How AT&T ruined my experience with the HTC One X

att one - for some reason we don't have an alt tag hereAs most of you know, I’m a big HTC fan: I love the HTC EVO 4G LTE for Sprint, I love the HTC One S on T-Mobile, and I really want to love the AT&T HTC One X. But AT&T has really left a sour taste in my mouth, for a variety of reasons, and because of this, I can’t really see myself using the One X long-term.

Today marks one month since I first picked up the One X from Best Buy on its release date. And today is also the day I’m going to return it to Best Buy. Here’s why:

  1. AT&T won’t let me activate the phone on a prepaid plan. Apparently, because this phone is a 4G phone, it’s not compatible with any of AT&T’s prepaid plans. I’ve been told by several different AT&T reps – both in-store and on the phone – that if I were to attempt to put in a prepaid SIM card, my data services would stop working very quickly; this is because AT&T is actively monitoring who is using what device on prepaid plans, and it would cut me off as soon as it detected the One X. It wouldn’t even matter if I purchased the prepaid smartphone add-on; absolutely no EDGE, 3G, or 4G services would work on the phone.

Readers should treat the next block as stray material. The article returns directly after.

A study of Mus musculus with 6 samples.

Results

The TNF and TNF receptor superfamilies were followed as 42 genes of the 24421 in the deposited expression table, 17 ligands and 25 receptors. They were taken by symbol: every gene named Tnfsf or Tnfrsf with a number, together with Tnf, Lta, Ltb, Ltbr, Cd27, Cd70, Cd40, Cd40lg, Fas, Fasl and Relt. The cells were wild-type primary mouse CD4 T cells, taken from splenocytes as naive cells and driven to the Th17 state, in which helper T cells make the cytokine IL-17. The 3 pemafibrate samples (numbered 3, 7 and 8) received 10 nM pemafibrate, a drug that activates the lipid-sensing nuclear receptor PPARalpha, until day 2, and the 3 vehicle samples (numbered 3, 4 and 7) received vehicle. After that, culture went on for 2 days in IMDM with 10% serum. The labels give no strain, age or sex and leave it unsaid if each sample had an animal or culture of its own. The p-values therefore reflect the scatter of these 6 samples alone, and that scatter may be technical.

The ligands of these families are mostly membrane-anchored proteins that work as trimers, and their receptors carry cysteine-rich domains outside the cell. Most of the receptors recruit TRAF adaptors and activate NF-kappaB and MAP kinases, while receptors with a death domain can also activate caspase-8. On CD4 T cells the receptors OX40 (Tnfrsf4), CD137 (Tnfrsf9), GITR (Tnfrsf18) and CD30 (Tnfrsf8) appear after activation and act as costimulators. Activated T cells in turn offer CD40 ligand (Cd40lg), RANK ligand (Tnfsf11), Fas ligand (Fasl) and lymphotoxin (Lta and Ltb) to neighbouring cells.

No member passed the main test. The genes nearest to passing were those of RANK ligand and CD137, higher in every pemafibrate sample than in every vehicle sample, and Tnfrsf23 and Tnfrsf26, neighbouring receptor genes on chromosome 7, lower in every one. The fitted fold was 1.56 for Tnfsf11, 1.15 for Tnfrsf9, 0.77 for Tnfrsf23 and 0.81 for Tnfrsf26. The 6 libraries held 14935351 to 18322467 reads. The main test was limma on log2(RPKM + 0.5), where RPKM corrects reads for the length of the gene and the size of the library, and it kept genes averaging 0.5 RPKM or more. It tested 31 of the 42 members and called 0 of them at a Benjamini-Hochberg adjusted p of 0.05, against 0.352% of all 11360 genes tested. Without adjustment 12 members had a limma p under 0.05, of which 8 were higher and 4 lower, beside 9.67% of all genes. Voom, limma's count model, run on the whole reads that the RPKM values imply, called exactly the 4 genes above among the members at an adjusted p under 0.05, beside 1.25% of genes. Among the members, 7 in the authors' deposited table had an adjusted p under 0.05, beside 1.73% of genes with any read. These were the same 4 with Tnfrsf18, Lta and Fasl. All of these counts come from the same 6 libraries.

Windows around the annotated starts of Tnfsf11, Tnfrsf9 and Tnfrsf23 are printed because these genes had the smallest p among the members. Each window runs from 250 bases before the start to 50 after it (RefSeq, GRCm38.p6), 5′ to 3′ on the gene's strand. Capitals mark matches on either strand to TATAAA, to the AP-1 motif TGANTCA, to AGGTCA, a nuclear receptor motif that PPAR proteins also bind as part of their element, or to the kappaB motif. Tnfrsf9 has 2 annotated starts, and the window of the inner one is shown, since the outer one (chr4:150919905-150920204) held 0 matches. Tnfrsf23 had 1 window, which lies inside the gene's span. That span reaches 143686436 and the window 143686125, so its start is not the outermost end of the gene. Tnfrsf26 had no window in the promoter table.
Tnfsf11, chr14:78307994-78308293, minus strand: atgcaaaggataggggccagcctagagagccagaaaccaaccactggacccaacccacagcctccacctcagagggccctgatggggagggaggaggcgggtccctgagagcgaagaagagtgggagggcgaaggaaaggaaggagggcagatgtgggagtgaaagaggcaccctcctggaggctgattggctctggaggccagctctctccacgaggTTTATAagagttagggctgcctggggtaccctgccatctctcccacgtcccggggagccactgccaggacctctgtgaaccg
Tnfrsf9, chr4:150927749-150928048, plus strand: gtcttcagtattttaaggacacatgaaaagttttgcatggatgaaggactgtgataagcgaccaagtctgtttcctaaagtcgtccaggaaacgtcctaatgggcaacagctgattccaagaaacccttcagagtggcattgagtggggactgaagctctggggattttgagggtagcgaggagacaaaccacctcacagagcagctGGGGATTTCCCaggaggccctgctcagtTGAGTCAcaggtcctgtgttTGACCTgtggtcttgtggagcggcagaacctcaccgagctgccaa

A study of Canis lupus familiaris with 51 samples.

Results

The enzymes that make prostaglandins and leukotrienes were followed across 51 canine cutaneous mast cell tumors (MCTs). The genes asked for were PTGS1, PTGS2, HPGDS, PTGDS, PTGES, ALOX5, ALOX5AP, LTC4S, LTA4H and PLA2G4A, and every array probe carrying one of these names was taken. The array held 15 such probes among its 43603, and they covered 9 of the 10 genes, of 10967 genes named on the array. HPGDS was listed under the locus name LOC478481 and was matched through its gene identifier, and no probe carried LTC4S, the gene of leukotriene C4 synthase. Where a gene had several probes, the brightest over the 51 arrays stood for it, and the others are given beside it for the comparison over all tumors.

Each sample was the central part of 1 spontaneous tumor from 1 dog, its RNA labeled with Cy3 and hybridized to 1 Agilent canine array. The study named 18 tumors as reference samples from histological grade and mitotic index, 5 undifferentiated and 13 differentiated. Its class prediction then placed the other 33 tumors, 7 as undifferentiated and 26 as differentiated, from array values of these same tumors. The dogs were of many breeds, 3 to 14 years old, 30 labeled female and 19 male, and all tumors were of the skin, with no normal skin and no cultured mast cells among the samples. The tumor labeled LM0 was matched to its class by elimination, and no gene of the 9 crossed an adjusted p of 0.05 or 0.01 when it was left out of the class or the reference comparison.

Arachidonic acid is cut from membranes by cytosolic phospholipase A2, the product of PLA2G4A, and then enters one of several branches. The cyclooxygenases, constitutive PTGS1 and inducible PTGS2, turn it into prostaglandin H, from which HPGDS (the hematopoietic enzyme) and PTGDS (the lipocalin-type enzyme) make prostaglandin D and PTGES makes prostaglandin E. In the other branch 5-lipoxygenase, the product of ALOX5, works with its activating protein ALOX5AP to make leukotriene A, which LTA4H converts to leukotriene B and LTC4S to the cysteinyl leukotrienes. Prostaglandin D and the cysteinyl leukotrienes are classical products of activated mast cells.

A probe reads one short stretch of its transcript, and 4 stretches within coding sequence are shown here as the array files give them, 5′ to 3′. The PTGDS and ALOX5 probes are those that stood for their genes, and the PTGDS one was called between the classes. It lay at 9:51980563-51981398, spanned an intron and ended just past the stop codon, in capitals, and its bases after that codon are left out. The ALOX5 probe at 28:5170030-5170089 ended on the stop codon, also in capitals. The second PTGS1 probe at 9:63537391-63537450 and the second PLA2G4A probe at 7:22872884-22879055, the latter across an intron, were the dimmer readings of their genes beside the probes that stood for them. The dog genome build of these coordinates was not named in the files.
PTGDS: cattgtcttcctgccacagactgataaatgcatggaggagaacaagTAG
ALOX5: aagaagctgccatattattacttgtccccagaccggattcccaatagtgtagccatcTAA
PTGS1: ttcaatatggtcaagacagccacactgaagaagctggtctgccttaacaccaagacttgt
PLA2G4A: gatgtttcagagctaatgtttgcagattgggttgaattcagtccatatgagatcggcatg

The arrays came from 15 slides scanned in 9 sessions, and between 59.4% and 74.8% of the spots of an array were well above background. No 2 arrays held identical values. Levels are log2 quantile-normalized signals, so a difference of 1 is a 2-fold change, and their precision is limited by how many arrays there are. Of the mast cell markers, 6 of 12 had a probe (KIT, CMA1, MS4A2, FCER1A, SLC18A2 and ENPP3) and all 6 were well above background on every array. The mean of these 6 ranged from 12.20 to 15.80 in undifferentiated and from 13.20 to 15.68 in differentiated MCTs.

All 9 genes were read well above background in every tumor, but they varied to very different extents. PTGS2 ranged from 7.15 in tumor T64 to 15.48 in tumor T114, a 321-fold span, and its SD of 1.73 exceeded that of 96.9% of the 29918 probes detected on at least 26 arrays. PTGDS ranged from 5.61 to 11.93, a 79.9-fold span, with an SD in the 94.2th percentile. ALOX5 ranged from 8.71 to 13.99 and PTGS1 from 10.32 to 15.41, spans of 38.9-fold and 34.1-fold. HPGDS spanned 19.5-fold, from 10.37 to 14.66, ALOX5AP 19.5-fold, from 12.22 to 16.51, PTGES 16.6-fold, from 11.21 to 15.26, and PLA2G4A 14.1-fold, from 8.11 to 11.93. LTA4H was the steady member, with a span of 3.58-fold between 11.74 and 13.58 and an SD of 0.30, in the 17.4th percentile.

2. AT&T won’t let me accept any OTA updates unless I’ve activated the phone on an AT&T plan. When I enter the settings menu, HTC’s System updates option has been replaced with AT&T software update. However, even if I have a solid WiFi connection, the phone will not let me check for updates. Instead, I get this message: “Network is not ready.” Essentially, this means I won’t get any updates unless I put in an AT&T SIM card.
  3. AT&T’s post-paid plans still require a credit check and approval, even though I paid full-price for the device and I want to pay month-to-month. My credit is fine, but I don’t want the ding to my credit score that comes with every credit check. And yes, I realize that this point isn’t necessarily unique to AT&T. What’s different, however, is that AT&T won’t activate the device on any prepaid plans. So basically, if I want to get an OTA update, I have to submit to a credit check.
  4. Too much bloat. Yes, most of it’s removable through the Disable feature in Android 4.0. But it’s still a pain: the first time I power up my phone, I don’t want to see: AT&T Code Scanner, AT&T FamilyMap, AT&T Navigator, AT&T Ready2Go, Live TV, myAT&T, Top HD Games, and YPmobile. Also, the default email signature is extremely long and annoying: “Sent from my HTC One (TM) X, an AT&T 4G LTE smartphone”

For these reasons, I’m returning my HTC One X. Due to AT&T’s restrictive policies, it’s just not a good device to use as a WiFi-only UMPC or as a back-up prepaid phone. Don’t get me wrong: if I were an AT&T customer, I’d be all over this. But for my purposes – and especially since I’m already using the EVO 4G LTE as my daily device – it’s just not the phone for me.

However, perhaps I’m acting unreasonably? Maybe my expectations were too high? I really want to know: what do you think?


John was the editor-in-chief at Pocketables. His articles generally focus on all things Google, including Chrome and Android, although his love of new gadgets and technology doesn't stop there. His current arsenal includes the Nexus 6 by Motorola, the 2013 Nexus 7 by ASUS, the Nexus 9 by HTC, the LG G Watch, and the Chromebook Pixel, among others.